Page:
Understanding FHA Loan Limits

Topics: Refinancing, Home Buyers

Like any type of loan, an FHA loan is only provided under certain circumstances. It’s important to understand what these restrictions are.

First, what exactly is an FHA loan?

An FHA (Federal Housing Administration) loan is a government-run mortgage loan that helps people purchase (or refinance) homes who aren’t able to make a large down payment.

The difference between an FHA loan and other mortgage loans is that the FHA isn’t providing the money. Instead, it offers mortgage insurance for FHA-approved lending companies that are granting this loan to their clients. So, the lending company issues the money to a home buyer, and if that home buyer defaults on the loan, the lender would be covered by the FHA and avoid suffering a loss.

Since lenders are protected by the FHA, it can be easier for borrowers to qualify for an FHA loan than for other types of mortgage loans. If your credit score, for instance, isn’t where you want it to be due to past financial struggles, you may still qualify for an FHA loan.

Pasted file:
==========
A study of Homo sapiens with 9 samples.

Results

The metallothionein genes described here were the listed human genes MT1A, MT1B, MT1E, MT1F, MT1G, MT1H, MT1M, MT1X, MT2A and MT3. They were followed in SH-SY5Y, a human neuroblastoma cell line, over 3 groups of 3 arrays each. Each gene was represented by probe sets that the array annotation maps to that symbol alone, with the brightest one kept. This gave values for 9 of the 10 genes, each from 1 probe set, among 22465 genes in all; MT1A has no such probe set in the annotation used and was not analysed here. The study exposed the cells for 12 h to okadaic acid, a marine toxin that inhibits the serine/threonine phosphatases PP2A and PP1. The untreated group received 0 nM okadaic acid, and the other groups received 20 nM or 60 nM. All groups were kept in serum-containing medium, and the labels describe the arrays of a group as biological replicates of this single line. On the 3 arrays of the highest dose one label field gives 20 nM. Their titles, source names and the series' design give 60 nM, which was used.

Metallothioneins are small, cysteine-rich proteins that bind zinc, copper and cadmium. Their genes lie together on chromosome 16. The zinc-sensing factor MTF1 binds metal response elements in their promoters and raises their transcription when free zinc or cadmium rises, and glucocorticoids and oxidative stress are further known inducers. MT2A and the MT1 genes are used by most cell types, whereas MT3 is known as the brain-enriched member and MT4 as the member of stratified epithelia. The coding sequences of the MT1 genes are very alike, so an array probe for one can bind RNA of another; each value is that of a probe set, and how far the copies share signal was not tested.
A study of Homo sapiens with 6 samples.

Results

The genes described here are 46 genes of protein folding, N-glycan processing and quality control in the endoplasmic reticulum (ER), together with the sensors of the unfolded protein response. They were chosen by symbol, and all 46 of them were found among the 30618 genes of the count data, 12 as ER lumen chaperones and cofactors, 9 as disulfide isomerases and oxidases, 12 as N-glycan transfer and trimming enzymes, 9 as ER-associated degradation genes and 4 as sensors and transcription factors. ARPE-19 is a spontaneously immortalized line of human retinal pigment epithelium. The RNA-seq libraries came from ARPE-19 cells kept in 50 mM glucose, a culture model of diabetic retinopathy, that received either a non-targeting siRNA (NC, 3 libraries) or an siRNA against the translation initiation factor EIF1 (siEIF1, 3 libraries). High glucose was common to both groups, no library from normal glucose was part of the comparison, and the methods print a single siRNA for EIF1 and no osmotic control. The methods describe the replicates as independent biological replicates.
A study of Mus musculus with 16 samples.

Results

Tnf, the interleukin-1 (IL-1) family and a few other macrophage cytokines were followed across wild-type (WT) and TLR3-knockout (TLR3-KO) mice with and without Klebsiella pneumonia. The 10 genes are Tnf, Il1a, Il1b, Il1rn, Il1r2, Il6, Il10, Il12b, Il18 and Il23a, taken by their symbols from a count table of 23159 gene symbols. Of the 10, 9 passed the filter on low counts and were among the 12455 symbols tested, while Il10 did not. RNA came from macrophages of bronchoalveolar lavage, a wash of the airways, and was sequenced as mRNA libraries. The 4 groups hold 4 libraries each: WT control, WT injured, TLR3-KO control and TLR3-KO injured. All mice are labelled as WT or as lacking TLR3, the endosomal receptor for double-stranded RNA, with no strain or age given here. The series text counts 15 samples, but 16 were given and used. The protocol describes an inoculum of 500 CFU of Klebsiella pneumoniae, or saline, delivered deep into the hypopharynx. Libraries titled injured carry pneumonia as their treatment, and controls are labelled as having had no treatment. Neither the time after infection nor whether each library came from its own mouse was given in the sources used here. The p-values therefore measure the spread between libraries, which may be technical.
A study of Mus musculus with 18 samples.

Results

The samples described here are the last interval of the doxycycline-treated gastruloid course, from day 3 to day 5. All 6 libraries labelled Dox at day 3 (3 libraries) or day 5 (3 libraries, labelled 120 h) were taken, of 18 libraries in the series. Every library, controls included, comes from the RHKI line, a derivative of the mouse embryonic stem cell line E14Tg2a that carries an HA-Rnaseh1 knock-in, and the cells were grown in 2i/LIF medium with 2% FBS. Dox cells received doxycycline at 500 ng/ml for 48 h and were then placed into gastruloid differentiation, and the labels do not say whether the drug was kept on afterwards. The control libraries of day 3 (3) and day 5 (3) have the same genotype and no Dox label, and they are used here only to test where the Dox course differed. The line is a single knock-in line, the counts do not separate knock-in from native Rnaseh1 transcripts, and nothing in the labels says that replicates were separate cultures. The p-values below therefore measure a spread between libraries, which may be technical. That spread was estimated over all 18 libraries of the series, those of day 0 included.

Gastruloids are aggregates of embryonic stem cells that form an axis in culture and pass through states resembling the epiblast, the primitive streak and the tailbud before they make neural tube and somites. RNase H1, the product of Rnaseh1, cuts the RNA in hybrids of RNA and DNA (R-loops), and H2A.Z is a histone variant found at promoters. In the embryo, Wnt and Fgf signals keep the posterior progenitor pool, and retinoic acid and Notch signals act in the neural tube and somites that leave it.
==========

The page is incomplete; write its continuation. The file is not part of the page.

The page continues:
What are FHA loan limits?

Loan limits set by the FHA restrict how much money home buyers are able to borrow. These restrictions differ based on several key factors:

• Location

• Property Type (i.e. Single-family home, Duplex, Triplex, Fourplex)

• Average House Prices in the Area

Some FHA loan limits can be similar in certain places, specifically counties in the same state.

Here’s an example:

Based on the 2016 FHA loan limits, a home buyer looking to purchase a single-family home in Nassau County, N.Y., would face a $625,500 loan limit whereas a home buyer looking to buy the same type of property in California’s Placer County would have a $474,950 limit.

Meanwhile, a home buyer  wanting to purchase a single-family home in Michigan’s Jackson County could get up a loan up to $271,050.

Three different counties. Three different states. Three different loan limits.

But the loan limits are the same for Nassau County and Suffolk County—both on Long Island—so it’s easy to see how they overlap.

You can learn more about the 2016 limits on the FHA website.

FHA loans can really help house hunters get their foot in the door and afford their dream homes, especially if they’re buying their first homes.

Whether you’re looking to obtain a FHA 203k loan or any other type of FHA loan, be sure to learn what the limits are and find out if you qualify. The most efficient way to do this is by contacting a reliable mortgage lending company that can explain the information for you and answer any further questions you may have.